By Valerie Benguiat     Aug 27, 2013 in Internet
Facebook has been ordered to compensate more than 600,000 users for having shared their personal details in ads on the site without their consent. Each user will receive a $15 payout.
On Monday, a U.S. court ruled that Facebook should pay a $20 million settlement to approximately 614,000 users and to some privacy organizations which filed a lawsuit against the social network.
The court estimated that Facebook had made about $73 million in profit from using the details of their 150 million current members in the website's Sponsored Stories.
According to the BBC: (The users’) details had been used to promote products and services through the site's Sponsored Stories programme, without paying them or giving them the choice to opt-out.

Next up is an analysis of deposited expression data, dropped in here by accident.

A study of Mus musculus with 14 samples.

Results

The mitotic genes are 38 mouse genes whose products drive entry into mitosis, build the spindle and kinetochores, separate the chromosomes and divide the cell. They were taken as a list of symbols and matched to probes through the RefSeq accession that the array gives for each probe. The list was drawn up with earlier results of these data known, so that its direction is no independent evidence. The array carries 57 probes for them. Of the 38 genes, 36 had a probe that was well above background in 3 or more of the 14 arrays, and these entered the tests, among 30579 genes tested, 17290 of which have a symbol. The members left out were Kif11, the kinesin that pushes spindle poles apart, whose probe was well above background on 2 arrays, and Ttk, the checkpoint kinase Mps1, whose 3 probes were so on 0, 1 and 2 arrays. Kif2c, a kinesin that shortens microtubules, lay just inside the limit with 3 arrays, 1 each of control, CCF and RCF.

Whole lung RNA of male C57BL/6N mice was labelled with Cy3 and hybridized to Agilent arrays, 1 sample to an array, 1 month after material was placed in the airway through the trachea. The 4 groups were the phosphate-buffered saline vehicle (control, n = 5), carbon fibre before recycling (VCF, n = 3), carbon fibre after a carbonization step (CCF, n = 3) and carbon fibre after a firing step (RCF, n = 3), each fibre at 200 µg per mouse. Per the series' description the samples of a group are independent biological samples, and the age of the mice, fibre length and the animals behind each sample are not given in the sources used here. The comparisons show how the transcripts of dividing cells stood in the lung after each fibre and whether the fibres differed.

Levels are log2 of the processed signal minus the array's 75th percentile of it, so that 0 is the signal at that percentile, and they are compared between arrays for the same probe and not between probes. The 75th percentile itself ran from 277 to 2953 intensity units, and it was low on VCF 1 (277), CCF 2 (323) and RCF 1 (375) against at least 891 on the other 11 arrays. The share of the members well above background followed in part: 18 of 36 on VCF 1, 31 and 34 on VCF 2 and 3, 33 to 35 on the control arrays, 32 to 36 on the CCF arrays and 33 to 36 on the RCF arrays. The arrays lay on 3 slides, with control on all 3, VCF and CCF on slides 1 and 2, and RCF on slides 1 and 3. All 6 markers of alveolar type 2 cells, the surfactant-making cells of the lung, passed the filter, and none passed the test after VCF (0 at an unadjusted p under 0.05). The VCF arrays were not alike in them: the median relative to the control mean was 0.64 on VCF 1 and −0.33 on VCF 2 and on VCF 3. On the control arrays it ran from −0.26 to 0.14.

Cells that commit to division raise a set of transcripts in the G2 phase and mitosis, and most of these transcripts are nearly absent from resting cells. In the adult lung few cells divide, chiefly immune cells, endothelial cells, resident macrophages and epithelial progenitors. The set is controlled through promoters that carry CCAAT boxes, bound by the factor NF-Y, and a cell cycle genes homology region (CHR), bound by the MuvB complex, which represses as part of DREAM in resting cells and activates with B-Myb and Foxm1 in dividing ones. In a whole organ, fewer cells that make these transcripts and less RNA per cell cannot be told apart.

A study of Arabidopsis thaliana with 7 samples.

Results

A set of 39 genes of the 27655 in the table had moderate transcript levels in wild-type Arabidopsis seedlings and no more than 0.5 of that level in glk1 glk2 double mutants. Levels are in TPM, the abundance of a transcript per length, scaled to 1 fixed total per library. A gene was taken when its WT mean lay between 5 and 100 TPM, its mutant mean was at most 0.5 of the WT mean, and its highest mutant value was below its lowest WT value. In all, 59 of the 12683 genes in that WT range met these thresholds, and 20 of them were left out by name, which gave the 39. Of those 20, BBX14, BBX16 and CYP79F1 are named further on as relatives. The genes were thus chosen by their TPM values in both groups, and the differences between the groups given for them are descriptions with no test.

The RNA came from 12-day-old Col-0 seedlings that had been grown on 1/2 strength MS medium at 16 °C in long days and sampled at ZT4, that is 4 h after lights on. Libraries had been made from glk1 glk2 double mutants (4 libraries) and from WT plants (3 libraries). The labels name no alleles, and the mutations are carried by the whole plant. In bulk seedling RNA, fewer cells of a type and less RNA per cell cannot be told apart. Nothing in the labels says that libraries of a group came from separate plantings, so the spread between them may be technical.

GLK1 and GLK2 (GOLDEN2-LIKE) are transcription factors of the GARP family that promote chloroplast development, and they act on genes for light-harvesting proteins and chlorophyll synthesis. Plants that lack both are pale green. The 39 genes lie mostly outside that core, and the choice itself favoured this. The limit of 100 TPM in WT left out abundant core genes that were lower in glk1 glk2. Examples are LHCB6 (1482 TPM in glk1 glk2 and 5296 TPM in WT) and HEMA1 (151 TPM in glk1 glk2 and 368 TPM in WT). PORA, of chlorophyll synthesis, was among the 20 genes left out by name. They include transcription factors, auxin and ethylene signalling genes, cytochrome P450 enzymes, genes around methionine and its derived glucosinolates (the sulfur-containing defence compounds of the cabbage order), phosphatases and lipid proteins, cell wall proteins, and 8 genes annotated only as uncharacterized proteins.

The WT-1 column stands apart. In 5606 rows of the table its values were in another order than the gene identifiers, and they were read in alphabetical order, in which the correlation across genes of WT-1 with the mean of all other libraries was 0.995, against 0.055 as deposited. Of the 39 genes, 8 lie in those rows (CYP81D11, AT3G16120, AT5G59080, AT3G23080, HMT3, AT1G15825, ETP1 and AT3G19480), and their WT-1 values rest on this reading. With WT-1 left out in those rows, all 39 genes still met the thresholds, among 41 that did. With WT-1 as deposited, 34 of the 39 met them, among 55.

A Sponsored Story takes information that the users have voluntarily disclosed to their Facebook contacts by “liking” a product or service, and displaying this information on tailored ads that appear on members' Facebook pages.
Regarding the ruling, The Independent reported that U.S. District Judge Richard Seeborg admitted that the compensation to each aggravated user isn’t much, but said: The settlement as a whole provides fair, reasonable, and adequate relief to the class, in light of all the circumstances, including the low probability that a substantially better result would be obtained through continued litigation.
Now, Facebook is expected to change their "Statement of Rights" to give users more information and control over how their details are used.